Thankfully, the Knight of Cups landed on the table as Sarah Pattison did a tarot reading for me at the recent opening for "Athens Arcana: A Contemporary Tarot" at ATHICA. The knight and a glass of wine made it a little more palatable when death showed up a couple of cards later. “Oh, that can just mean the end of a life cycle or a relationship,” Pattison cooed reassuringly. She was one of three "mystics" at the event offering divine futures.
The large crowd was exuberant, and the show inspired much conversation. 78 local artists were invited to interpret one card each from a traditional tarot deck in the medium of their choice. The results, though uneven, offer an interesting picture of the styles and approaches to problem solving by these regional artists.
Terry Rowlett’s monochromatic "Death" shows a skeleton in modern combat gear surrounded by dismembered heads and appendages. Tattoo-like roses float in the background, and modern fighter planes hover menacingly. Around the corner, Missy Kulik’s sweetly hued watercolor and ink "Temperance" features a slender antlered girl with a bird perched on her horns. She pours a cup of (presumably green) tea as a bunny and a goose look on. In both, the style of the drawings assuredly reflects the themes of the work. Rowlett’s piece mimics the traditional layout of a tarot card, but utilizes harshly contemporary imagery. Kulik’s card could stand on its own as an illustration.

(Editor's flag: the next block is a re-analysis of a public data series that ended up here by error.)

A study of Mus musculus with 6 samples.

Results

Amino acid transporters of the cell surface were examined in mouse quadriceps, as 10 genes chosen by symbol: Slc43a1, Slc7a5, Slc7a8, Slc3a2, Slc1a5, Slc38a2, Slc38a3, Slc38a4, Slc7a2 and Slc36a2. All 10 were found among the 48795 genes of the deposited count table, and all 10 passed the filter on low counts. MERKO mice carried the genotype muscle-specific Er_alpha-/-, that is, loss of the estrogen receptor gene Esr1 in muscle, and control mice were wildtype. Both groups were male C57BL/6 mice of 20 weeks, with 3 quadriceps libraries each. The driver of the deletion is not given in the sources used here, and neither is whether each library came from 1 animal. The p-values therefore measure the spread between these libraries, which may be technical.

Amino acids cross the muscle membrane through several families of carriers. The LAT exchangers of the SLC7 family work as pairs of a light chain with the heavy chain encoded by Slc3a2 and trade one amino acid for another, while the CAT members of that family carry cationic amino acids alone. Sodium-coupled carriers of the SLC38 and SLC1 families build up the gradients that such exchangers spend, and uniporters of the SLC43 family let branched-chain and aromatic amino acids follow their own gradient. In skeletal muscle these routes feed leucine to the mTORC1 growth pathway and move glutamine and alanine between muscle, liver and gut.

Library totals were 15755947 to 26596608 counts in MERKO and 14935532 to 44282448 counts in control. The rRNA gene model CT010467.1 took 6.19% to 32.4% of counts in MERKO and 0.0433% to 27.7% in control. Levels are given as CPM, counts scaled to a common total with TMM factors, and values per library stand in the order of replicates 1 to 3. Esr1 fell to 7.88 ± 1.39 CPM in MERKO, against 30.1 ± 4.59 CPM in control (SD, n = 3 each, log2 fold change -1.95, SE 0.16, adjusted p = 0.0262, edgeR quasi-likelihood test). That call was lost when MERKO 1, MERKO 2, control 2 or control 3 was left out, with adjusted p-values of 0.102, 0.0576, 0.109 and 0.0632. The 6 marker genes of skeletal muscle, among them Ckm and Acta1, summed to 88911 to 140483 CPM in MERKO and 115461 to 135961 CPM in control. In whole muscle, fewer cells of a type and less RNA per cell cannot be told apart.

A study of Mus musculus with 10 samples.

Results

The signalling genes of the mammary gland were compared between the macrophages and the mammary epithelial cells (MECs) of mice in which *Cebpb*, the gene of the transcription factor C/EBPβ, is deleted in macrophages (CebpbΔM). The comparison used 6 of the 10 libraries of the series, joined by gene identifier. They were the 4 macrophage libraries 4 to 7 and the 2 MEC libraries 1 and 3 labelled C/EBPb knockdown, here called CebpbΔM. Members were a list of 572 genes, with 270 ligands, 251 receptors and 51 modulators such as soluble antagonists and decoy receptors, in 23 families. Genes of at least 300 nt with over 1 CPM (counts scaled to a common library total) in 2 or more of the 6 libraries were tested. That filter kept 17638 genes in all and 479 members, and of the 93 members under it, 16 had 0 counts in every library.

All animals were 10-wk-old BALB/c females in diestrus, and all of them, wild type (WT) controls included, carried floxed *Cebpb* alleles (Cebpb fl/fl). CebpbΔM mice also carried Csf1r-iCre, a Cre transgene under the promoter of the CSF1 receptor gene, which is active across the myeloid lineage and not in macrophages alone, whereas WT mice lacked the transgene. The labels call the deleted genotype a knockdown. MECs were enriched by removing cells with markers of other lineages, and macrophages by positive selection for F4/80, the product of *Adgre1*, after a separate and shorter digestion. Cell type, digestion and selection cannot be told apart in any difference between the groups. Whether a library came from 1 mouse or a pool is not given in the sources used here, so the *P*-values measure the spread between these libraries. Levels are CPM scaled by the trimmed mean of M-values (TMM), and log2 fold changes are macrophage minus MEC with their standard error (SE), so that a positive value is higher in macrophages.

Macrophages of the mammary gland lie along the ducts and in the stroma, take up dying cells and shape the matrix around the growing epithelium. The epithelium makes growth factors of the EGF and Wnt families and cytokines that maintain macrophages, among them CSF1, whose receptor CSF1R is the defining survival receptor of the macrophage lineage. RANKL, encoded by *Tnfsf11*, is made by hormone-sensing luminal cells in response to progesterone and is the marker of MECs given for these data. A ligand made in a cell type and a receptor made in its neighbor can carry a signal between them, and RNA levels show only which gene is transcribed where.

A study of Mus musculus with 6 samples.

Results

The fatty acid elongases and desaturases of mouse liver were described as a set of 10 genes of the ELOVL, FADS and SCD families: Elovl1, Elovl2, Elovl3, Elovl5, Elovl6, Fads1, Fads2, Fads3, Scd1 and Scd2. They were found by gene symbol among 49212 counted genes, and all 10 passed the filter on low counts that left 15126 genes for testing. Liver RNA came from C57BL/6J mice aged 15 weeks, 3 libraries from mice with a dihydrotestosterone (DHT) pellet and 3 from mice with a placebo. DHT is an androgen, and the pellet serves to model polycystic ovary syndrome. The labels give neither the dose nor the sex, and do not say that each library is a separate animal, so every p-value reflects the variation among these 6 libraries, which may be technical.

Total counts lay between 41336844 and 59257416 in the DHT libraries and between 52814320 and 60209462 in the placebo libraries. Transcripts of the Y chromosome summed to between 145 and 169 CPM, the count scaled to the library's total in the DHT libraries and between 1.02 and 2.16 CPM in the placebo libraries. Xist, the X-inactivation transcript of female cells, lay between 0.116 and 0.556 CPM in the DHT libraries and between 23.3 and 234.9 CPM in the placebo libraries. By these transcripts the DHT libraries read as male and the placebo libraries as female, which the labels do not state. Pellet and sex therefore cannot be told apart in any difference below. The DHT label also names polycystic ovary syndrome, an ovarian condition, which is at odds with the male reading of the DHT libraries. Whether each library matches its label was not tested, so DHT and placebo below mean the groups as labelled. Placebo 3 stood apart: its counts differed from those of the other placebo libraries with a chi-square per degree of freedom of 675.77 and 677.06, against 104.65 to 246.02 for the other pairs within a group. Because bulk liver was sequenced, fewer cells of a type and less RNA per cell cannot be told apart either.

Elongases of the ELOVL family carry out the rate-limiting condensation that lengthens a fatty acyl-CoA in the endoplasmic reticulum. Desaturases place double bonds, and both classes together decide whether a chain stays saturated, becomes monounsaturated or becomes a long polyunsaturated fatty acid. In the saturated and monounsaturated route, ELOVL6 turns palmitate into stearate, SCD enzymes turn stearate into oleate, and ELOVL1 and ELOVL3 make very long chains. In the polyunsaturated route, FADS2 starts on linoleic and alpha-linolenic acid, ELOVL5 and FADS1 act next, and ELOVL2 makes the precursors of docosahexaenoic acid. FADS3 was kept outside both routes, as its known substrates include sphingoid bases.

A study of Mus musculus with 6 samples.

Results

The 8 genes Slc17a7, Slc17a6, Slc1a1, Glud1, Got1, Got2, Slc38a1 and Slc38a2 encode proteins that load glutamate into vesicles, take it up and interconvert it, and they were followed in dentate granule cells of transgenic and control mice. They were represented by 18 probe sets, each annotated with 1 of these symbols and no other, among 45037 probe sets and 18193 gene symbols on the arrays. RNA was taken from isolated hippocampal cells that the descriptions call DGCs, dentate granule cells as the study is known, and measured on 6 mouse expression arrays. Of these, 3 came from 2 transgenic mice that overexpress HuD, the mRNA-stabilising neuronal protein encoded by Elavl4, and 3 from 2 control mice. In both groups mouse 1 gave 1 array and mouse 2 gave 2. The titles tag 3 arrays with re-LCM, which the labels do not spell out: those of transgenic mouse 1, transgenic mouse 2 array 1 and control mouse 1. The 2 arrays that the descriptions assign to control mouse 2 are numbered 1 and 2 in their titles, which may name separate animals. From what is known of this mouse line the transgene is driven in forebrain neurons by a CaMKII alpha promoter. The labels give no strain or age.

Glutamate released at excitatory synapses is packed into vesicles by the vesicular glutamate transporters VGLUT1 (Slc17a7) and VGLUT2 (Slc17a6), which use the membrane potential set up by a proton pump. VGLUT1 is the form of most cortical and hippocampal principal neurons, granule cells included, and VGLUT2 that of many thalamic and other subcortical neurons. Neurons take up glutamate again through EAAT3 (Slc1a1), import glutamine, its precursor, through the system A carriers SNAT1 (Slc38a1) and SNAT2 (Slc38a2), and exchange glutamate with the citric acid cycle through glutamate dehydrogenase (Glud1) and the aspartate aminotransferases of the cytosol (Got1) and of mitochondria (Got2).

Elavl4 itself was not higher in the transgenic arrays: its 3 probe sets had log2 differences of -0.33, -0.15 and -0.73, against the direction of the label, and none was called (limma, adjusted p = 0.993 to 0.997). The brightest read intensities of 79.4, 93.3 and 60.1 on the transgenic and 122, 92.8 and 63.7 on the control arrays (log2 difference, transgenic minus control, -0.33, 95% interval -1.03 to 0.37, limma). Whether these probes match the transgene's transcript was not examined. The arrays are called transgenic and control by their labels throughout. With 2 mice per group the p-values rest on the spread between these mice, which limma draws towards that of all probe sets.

Artist Claire Clements said she was unfamiliar with the tarot deck and had to research it before beginning work on "The Empress." Rather than adhere to a traditional format, her collage is a sensual composition that utilizes transparent layers and graceful imagery that pushes into its borders. A crown of silver Mylar stars and motifs from nature tell us that this is the Empress.
Other artists featured in the exhibit include Manda McKay, John English and Lauren Gregg. James Wenzka’s "Nine of Swords" was proclaimed “phenomenal” by one viewer. Dan Smith’s humorous "Two of Swords" could be described as Day of the Dead meets Cartoon Network. Most works are available for purchase.
ATHICA director Tatiana Veneruso came up with the idea of the tarot deck after the success of last year's ATHICARDS playing card deck and exhibit. “I thought we’d do it again but switch it up a little and do the tarot. With 78 cards, there’s a lot of variety in the interpretations from the very literal to the more conceptual. As a non-profit organization, our annual fundraisers are so important!"
Veneruso was disappointed that the cards hadn’t arrived in time for the opening due to a shipping delay. The cards will be available for purchase on Thursday, Dec. 18. They can also be ordered at athica.org/shop. The cost is $30 a pack, and all proceeds support the space’s exhibitions and educational programs.
Athens Arcana is only up through Sunday, Dec. 21, so make plans to attend soon. For more information, go to athica.org.